The Shanghai Cooperation Organisation foreign ministers meet: Basics Explained

Foreign ministers of the Shanghai Cooperation Organisation (SCO) had meeting in the Uzbekistan capital of Tashkent, The meeting was part of preparations for the SCO Summit to be held in Samarkand in mid-September.

Addressing a meeting of foreign ministers of the Shanghai Cooperation Organisation in the Uzbekistan capital of Tashkent, Indian foreign minister Jaishankar emphasized the need for a “zero tolerance” approach towards all forms of terrorism.

The external affairs minister tweeted that he reiterated India’s position on Afghanistan and “highlighted our humanitarian support: wheat, medicines, vaccines, and clothing”. He also underlined the “potential of Chabahar port for SCO’s economic future”.


SCO, pan-Eurasian grouping, is a consortium of select Asian nations that focuses on security and trade. The SCO has eight member countries which represent around 42% of the world’s population and 20% of the global GDP.

The SCO emerged from Shanghai Five (China, Russia, Kazakhstan, Kyrgyzstan, Tajikistan) which was founded in 1996 after demarcation of China’s borders with the four newly independent States that appeared after collapse of the Soviet Union in 1991. This was transformed into today’s SCO with the induction of Uzbekistan as a new member at the Shanghai summit in 2001.

India, along with Pakistan, assumes full membership of SCO during  Summit meeting in Astana(2017), Kazhakstan.They became seventh and eighth members of the SCO. India was admitted into the SCO as an observer at the 2005 Astana Summit along with Iran and Pakistan.

Four Observer States interested in acceding to full membership (Afghanistan, Belarus, Iran, and Mongolia) and six “Dialogue Partners” (Armenia, Azerbaijan, Cambodia, Nepal, Sri Lanka and Turkey).

In 2021, the decision was made to start the accession process of Iran to the SCO as a full member, and Egypt, Qatar as well as Saudi Arabia became dialogue partners.

Since its inception in 2001, the SCO has mainly focused on regional security issues, its fight against regional terrorism, ethnic separatism and religious extremism. To date, the SCO’s priorities also include regional development.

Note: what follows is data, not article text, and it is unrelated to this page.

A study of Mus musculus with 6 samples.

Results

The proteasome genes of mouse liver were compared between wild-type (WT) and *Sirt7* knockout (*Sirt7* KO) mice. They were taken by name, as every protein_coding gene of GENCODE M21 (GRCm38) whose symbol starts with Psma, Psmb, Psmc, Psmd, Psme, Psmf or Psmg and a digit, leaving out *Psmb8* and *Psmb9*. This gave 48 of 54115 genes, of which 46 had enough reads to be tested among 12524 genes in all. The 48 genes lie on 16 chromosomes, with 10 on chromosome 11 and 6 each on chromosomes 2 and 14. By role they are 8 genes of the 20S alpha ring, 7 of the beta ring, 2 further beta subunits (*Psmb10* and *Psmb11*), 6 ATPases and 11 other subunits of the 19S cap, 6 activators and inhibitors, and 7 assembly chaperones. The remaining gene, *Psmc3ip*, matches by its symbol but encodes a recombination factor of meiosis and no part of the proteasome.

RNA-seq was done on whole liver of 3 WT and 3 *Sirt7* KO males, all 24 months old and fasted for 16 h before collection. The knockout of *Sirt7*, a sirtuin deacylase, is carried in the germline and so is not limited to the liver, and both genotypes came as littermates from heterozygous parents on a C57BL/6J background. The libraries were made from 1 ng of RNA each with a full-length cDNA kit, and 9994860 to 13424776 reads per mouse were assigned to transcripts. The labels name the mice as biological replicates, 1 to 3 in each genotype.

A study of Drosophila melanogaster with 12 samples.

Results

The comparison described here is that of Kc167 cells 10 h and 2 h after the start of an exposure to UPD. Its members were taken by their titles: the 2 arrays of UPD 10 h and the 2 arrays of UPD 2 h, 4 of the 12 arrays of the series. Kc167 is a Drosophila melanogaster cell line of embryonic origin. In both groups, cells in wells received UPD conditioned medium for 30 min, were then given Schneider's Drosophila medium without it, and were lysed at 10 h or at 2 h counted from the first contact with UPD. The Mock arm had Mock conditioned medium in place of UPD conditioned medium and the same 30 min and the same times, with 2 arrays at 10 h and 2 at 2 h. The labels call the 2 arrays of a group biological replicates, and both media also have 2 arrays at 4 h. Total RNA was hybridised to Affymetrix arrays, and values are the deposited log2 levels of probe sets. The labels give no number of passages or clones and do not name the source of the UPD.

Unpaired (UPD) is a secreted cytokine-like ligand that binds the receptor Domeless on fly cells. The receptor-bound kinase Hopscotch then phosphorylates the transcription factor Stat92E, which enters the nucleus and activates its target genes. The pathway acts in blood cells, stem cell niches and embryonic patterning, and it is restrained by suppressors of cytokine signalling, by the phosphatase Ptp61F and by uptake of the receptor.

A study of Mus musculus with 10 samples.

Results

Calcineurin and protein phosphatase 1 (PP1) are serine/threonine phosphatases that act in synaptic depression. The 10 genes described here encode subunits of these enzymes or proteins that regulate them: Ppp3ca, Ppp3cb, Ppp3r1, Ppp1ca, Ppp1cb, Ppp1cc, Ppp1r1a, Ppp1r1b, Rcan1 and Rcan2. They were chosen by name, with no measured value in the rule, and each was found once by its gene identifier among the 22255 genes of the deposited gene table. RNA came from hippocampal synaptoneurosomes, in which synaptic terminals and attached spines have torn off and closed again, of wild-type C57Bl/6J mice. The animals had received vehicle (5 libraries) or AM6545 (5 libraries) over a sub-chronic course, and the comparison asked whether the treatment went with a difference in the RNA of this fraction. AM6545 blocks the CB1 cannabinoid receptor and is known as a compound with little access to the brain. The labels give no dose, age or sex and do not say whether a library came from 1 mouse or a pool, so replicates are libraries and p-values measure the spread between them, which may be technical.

The SCO region covers almost 60 percent of the Eurasian landmass, with over 1.5 billion people included in its population, including some of the world’s leading energy-rich nations. So its importance is likely to grow in the coming years;

India’s growing stakes in Central Asia too are well-recognized. For India, therefore, a membership in the SCO is primarily its gateway to Central Asia. India is hoping to be able to access trade and transit routes between Russia and China, which pass through Central Asian countries;

Joining the SCO will be a welcome diplomatic boost to India’s efforts to connect with Central Asia;

Central Asia is part of India’s extended neighborhood. India’s membership in the SCO will provide a welcome opportunity for India’s leadership to meet with their counterparts from Central Asia, Russia, China, Afghanistan, and others regularly and frequently;

India’s potential participation in the Eurasian Economic Union (EEU) will be an added advantage to make this partnership more fruitful;

On the security front, the SCO remains committed to fighting the so-called “three evils” of terrorism, separatism, and religious extremism. Here too there is much room for cooperation, as India has been a victim of terrorist attacks;

India could gain from SCO’s Regional Anti-Terrorist Structure – manned by 30 professionals analysing key intelligence inputs on the movements of terror outfits, drug-trafficking, cyber security threats and public information. Likewise, participation in SCO’s counter-terror exercises and military drills could be beneficial to the Indian armed forces;

There is potential of profiting in terms of energy security;

SCO membership provides India a vital counter to some of the other groupings it is a part of, balancing out its stated policy of pursuing “multi-alignments”. It is a platform also for alignments on issues such as energy security, connectivity and trade.